The law student of 1594 passed Christmas revelling to The Comedy of Errors by Shakespeare. We know this because of the Gesta Grayorum which was printed in 1688 from a much older manuscript. This text has been conveniently reproduced with an introduction on the Mr. Shakespeare blog.
We can also look forward to a 3 volume set, part of the Records of Early English Drama series, to be published in January 2011 by Boydell & Brewer: Inns of Court, edited by Alan H. Nelson and John R. Elliott, Jr. According to the publisher’s blurb:
The Introduction provides a survey of Christmas entertainment supervised by Inns of Court Masters of the Revels and Christmas Princes, including minstrels, a lion-tamer, musicians, disguisings, plays, masques, and even a puppet-show. The illustrations (ground-plans and plates) offer evidence of the original performance conditions for Inns of Court plays and masques.
The appendices will reproduce a number of relevant documents.
A brief account of the Grand Christmases celebrated at the Inns of Court can be found in Anton-Hermann Chroust, in "The Beginning, Flourishing and Decline of the Inns of Court: The Consolidation of the English Legal Profession after 1400" (1956) 10 Vand. L. Rev. 79-123 (Hein), at 102-3:
The fact that the Inns of Court were also schools of manners should explain the original meaning and functions of those periodic entertainments "which are called revels," and which for a long time played an important role in the lives of the Inns. These pastimes apparently were encouraged by the Benchers who believed that such activities would greatly improve the literary tastes and the social manners of the students.²⁸ Revels and masques were usually held at Christmas time or some other feast day, and the King as well as the Queen attended them regularly.²⁹ Some of these revels were given to celebrate  an important social or political event, and occasionally a renowned artist or poet lent his genius to these entertainments. Shakespeare’s Comedy of Errors was first played at Gray’s Inn in 1594, and his Twelfth Night was acted at the Middle Temple in 1602. These revels, like the Grand Christmas, were meant to be a mimic Court to teach proper manners or courtly demeanor to the nobility and gentry. They were a very serious business, and the holding of the various offices attached to these festivities³⁰ was an important step to being ultimately chosen Reader or a Master of the Bench. During the austere rule of the Commonwealth these entertainments were discontinued, and, although they saw a resurrection during the Restoration, the Glorious Revolution finally put an end to them. The last record of Middle Temple as regards Grand Christmas and revels is an order of November 26, 1669: "No Grand Christmas shall be kept nor gaming suffered in the Hall."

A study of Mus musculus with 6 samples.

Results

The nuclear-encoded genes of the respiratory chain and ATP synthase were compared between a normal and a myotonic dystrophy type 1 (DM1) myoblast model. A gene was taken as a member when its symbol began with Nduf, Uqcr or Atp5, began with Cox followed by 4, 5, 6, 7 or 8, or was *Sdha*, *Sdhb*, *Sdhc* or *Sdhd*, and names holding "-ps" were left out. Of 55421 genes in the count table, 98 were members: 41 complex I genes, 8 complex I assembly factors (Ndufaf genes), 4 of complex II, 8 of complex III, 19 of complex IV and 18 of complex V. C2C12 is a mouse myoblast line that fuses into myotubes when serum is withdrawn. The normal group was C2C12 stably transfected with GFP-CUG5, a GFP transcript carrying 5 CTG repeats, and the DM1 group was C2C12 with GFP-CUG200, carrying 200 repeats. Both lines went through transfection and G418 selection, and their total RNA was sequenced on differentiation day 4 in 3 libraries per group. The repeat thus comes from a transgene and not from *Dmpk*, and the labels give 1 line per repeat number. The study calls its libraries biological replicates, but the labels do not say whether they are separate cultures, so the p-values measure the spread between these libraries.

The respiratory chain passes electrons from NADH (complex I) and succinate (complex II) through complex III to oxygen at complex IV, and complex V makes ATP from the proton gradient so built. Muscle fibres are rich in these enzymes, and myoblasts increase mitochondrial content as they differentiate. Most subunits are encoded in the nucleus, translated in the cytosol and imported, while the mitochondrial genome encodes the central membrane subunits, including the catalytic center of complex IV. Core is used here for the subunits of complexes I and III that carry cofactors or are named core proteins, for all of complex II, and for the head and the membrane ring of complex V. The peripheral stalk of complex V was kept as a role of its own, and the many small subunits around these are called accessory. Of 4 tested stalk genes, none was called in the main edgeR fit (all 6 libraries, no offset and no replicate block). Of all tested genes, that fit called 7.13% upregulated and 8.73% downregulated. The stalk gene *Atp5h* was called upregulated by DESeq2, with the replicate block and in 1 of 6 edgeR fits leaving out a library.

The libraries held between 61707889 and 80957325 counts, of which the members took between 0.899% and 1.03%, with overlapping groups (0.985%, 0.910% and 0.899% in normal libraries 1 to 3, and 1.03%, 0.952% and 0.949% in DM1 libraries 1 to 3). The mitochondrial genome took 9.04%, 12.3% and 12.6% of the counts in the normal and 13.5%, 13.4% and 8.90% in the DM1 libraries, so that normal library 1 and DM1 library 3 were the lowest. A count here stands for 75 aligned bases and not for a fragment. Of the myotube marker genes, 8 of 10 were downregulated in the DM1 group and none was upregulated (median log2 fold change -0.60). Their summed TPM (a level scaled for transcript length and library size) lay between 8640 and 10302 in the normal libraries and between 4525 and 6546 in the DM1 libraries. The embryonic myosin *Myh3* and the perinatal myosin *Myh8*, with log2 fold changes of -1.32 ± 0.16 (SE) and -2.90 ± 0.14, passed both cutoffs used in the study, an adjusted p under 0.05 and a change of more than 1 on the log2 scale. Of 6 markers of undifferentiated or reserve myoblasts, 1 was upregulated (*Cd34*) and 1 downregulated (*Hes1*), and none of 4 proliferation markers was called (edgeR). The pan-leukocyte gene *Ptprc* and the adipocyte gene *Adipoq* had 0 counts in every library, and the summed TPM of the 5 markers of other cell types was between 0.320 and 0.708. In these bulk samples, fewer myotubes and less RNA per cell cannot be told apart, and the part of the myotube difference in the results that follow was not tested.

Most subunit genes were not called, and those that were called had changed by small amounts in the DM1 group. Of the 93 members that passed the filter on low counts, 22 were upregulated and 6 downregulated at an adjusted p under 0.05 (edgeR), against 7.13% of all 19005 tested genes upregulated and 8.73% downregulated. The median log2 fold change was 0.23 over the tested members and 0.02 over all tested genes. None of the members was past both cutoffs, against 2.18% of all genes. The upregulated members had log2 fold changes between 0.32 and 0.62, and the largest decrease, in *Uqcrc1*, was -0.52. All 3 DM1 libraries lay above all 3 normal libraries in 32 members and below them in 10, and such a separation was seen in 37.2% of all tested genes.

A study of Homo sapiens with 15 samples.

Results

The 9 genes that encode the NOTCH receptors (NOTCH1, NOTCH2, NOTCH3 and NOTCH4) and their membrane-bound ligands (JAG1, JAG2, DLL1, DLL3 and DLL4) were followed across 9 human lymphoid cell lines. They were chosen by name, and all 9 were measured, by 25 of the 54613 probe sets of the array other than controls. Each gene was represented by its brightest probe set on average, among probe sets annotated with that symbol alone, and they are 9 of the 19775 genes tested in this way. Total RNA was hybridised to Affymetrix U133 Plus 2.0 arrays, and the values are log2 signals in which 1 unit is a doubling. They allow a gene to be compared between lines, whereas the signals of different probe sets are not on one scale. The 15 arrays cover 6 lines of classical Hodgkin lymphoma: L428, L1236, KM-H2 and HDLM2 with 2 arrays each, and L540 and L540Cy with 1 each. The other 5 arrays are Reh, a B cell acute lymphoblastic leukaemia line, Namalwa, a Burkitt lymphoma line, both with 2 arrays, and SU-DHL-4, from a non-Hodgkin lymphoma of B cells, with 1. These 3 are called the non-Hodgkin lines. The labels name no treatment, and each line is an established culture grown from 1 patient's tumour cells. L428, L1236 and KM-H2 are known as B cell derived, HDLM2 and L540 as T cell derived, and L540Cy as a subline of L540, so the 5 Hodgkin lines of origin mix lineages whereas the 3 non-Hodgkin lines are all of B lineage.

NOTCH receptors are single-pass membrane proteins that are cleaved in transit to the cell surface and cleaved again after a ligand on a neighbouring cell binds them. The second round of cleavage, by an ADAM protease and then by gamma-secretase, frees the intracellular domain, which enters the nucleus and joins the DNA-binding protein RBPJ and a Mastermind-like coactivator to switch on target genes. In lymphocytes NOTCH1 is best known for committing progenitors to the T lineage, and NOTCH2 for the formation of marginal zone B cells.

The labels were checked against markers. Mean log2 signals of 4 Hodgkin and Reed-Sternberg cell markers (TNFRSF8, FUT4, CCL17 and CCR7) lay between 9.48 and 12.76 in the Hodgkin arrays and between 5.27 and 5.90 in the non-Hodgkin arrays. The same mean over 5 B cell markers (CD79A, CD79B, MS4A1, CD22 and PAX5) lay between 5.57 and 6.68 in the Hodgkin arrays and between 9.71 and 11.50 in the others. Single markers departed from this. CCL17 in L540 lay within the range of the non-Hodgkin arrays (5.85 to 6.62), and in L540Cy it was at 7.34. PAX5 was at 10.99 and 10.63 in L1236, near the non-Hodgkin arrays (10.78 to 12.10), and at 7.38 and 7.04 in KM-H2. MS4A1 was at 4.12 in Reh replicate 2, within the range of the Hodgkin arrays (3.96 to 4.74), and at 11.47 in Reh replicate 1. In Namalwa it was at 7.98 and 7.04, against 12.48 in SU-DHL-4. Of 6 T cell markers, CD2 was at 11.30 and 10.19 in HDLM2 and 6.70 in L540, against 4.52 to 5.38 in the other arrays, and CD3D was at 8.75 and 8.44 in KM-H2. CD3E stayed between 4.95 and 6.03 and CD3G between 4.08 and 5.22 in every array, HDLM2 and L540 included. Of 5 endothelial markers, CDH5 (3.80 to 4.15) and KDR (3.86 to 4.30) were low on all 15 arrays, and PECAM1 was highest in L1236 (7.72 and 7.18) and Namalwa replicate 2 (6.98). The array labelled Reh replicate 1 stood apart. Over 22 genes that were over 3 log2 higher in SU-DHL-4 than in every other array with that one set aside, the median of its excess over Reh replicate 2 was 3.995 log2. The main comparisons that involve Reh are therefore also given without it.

28. Francis Bacon, however, seems to have had some rather serious doubts as to the educational value of the revels.
29. The revels were presided over by a mock King or mock Prince, who at Gray’s Inn was called "Prince of Purpoole" (named after the manor of Portpoole or Purpoole, close to the village of Holborn), at the Middle Temple "Prince d’Amour," at the Inner Temple "Prince of Sophie," and at Lincoln’s Inn "Prince de la Grange."
30. These offices were the Steward for Christmas, Marshal, Butler, Constable of the Tower, and Master of the Revels.